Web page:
On the striking downward trend in injuries associated with alpine skiing


Gerhard Ruedl is Assistant Professor at the Department of Sport Science at the University of Innsbruck, Austria

 

Daily news reports on skiing injuries during the winter season may convey the impression of downhill skiing as being a most dangerous activity. In fact, these reports have to be interpreted in the light of the very large participation rates. Worldwide, there are more than 2,000 downhill ski areas spread across 80 countries with an estimated 400 million skier days annually.

Assuming a death rate of 1 per 1 million skier days and an injury rate of 1-2 per 1,000 skier days a total of 400 fatalities and 400,000 to 800,000 injured skiers would result. That may be enough to fill newspapers daily but they actually represent a relatively low death and injury risk.

Put another way, for the individual who skis for 20 days per winter season on average, 1 death would occur within 50,000 years and 1 injury within 25 to 50 years. Of course, each individual fatality and each individual injury is one too many, but let's not disregard potential health benefits resulting from 400 million days of physical activity of the overall skier population.

The death rate of about 1 per 1 million skier days (which includes both traumatic and non-traumatic deaths) has remained relatively stable over time. The vast majority of fatalities are due to a collision with a solid object like a tree or rocks and would be mostly avoidable by choosing a skiing velocity appropriate to individual skiing skills.

In contrast, the injury risk in downhill skiers has changed dramatically over the last six decades. For example, a study performed in 1961 at Mount Snow in Vermont found an overall injury rate of 5.9 per 1,000 skier days, and a similar study conducted thirty years later at Blackcomb Mountain in British Columbia reported an injury rate of 2.9 per 1,000 skier days. Newest data collected in large Alpine ski regions revealed a further drop of this rate to about 0.6 to 1.0.  but an injury rate of about 2.0 was reported from other regions.

The risk reduction during the first 3 decades (1960 – 1990) has primarily been attributed to the development of release bindings and appropriate ski boots while the drop within the last 3 decades seems to be closely linked with the introduction of shorter skis (carving skis) and steadily improvements of additional skiing equipment and ski slope preparation.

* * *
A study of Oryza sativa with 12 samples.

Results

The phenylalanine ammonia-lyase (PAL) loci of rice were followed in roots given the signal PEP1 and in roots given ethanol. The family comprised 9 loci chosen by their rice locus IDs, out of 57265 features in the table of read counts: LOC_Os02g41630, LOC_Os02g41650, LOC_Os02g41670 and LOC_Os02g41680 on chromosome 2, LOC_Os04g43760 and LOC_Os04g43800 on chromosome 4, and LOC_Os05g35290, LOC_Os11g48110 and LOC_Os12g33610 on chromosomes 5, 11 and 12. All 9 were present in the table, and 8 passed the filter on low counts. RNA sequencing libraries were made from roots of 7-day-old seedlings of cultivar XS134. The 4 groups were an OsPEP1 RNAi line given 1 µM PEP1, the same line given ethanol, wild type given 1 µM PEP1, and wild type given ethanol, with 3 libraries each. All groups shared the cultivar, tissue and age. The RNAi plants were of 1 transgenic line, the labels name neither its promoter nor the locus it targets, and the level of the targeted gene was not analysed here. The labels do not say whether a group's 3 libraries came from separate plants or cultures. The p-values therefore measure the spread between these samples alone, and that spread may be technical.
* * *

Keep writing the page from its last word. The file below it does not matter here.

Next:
Lower leg injuries decreased by about 90% since the introduction of release bindings in the 1960s,  accounting nowadays for only 5-7% in adult skiers but still exceeding 20% in children up to 12 years. However, knee injuries have become the most prevalent skiing injuries accounting for about 30 % in males and more than 50 % in females. These injuries are typically caused by a critical load to the knee during falling.

The steady downward trend in injury rates over the last 3 decades is clearly against the trend towards increased injury risk in alpine skiing associated with the introduction of carving skis that had been anticipated. However, less aggressive short carving skis with a broader tip are much easier to drive than the conventional long skis leading to rapid improvement of skiing skills associated with a lower falling and injury risk. Of course, this might be not the only reason for the drop in skiing injury rates. Also, ski boots have become more comfortable, use of protective gear like helmets has increased, and the preparation of ski slopes has been optimized. The latter is of particular importance since this may be one source explaining the relatively broad range of injury rates observed between individual ski regions. Not surprising that the injury risk increases with the proportion of steep and ungroomed slopes, and it is the decision of the individual skier to be prepared to use these slopes. Furthermore, injury rates also vary largely with age, sex, and skiing ability as already demonstrated by the authors of the early Mount Snow Study. Thus, differences between skier populations and variable slope conditions may explain different injury rates reported from different ski areas.

For all the reasons given, alpine skiing has become relatively safe. The numerous annual media reports on ski injuries have to be interpreted in light of the tremendous numbers of skiers. In our opinion, the associated health benefits from skiing, especially arising from its association with a healthier life style, clearly outweigh the health hazards. Technical improvements will likely help  with further reducing the injury risk. Probably even more important, each individual skier can help to prevent injuries by the development of appropriate physical fitness for the sport, responsible behaviour on ski slopes and appropriate choice of slope.